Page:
Review of “Deep Purple: Live at Montreux 2006” DVD
June 26, 2007
High musicianship doesn’t always get the respect it deserves in the general public’s viewfinder.
The hype and attitude that surround the live setting of some groups, such as audience members’ desire to be seen at their favorite beer-spilling “event” where there just happens to be a band in the area, often pushes true musical art aside. Too often, the “show” becomes the audience, and not what lies in the path of the spotlights.
However, jazz fusion pioneers Weather Report and should-be-Rock-Hall-of-Famers Deep Purple and Paul Rodgers gracefully have avoided the scene that’s overcrowded by often-fickle bandwagons and a pack mentality. And for that simple, side-stepping action, the efforts of all three acts have made their mark — a bona fide impact upon their respective musical genres — and will endure long after the musicians themselves breathe that final breath.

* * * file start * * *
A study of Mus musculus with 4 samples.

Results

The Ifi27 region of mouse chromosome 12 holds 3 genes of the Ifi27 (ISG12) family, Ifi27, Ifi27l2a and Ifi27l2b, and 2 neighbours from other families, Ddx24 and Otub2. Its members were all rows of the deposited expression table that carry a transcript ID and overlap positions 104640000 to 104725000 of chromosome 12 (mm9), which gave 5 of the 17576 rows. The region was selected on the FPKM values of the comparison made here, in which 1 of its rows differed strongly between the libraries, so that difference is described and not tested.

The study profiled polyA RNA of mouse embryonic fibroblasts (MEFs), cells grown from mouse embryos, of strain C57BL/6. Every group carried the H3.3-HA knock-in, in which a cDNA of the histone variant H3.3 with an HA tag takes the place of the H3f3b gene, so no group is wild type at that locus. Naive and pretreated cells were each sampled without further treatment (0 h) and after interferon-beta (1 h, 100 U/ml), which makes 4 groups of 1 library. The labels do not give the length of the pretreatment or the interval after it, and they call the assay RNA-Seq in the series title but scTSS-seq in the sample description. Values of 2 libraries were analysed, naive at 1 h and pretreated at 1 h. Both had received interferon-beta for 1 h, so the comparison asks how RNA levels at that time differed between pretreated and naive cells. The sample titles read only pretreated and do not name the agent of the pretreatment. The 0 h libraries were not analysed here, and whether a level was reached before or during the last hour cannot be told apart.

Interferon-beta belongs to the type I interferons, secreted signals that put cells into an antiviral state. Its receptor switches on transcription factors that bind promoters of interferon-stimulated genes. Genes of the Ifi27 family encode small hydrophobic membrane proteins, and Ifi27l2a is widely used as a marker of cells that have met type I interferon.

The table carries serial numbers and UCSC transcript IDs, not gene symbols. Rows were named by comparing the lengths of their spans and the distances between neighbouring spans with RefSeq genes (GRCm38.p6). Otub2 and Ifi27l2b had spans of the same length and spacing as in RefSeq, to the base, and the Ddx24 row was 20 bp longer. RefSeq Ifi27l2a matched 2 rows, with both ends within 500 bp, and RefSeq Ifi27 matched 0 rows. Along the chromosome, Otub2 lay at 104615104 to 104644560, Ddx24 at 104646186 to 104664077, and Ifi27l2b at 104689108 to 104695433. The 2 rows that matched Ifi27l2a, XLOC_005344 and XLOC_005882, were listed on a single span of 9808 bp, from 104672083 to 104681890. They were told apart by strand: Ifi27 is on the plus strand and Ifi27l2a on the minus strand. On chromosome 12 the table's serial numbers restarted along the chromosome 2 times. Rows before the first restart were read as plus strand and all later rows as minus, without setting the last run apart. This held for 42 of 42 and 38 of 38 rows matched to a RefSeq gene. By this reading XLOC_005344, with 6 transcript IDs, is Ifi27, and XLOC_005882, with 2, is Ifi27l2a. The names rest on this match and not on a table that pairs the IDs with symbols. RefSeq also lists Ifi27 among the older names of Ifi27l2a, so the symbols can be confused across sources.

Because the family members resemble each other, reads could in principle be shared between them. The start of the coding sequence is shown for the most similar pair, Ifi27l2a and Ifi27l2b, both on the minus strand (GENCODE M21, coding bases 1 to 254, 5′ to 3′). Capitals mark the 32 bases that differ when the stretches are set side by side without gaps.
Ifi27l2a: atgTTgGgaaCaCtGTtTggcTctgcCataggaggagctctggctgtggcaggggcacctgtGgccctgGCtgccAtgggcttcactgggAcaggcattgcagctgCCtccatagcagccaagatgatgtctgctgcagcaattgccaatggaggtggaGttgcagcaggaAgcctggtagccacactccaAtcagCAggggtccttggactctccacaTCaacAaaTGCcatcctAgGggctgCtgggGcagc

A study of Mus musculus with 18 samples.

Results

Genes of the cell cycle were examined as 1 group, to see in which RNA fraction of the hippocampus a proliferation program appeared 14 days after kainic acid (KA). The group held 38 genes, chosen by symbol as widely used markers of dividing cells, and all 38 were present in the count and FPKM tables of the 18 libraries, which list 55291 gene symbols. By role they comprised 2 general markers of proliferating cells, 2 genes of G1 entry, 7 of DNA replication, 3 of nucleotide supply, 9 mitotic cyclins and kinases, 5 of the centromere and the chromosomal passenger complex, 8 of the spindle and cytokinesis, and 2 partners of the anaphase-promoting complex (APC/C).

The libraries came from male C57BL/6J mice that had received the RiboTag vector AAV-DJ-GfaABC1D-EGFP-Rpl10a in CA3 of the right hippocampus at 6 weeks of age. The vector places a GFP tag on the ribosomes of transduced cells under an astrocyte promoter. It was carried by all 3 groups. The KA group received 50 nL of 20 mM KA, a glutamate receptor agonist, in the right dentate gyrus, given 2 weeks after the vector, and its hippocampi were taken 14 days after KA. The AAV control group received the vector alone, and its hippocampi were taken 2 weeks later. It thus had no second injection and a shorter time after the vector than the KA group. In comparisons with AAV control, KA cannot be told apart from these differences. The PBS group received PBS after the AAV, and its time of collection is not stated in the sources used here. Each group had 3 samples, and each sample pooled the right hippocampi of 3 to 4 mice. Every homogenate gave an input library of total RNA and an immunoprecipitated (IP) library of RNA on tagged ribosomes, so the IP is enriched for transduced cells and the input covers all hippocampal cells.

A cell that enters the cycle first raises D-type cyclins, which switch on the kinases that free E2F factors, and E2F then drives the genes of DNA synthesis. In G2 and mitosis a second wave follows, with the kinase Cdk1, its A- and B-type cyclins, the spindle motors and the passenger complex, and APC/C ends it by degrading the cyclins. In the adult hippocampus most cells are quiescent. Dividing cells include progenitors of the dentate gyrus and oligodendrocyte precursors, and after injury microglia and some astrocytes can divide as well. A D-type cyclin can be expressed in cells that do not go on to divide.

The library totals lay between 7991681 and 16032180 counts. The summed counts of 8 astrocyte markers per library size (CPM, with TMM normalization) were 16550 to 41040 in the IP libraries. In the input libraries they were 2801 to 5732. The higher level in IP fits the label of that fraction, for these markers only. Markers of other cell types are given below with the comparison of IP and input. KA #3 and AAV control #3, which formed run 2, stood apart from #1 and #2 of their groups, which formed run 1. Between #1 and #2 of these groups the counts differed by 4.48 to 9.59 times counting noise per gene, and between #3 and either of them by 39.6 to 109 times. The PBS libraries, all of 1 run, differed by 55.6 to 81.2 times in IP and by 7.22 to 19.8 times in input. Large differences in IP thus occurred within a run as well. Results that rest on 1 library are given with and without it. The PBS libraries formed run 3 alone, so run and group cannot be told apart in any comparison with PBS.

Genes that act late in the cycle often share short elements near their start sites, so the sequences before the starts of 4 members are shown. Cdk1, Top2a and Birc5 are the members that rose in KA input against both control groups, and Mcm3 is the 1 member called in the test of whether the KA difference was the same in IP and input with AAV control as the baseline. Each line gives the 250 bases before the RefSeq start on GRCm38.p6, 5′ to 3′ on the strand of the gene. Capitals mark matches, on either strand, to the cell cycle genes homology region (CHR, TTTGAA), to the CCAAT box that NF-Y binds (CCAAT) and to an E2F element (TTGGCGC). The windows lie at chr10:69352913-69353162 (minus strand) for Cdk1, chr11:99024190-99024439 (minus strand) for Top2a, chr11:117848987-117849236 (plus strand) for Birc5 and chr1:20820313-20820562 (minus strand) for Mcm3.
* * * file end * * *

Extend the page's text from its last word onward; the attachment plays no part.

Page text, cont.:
Sparks of these artists’ creative, super-charged lightning bolts can be witnessed visually and through sound on three new concert DVDs from Eagle Rock Entertainment — “Weather Report: Live at Montreux 1976,” “Deep Purple: Live at Montreux 2006” and “Paul Rodgers: Live in Glasgow.” All three releases are stellar snapshots of inspired, authentically great performers and their craft.
Taped 30 years after the Weather Report DVD, “Deep Purple: Live at Montreux 2006” shows the British band still living life after the 1993 departure of founding guitarist Ritchie Blackmore.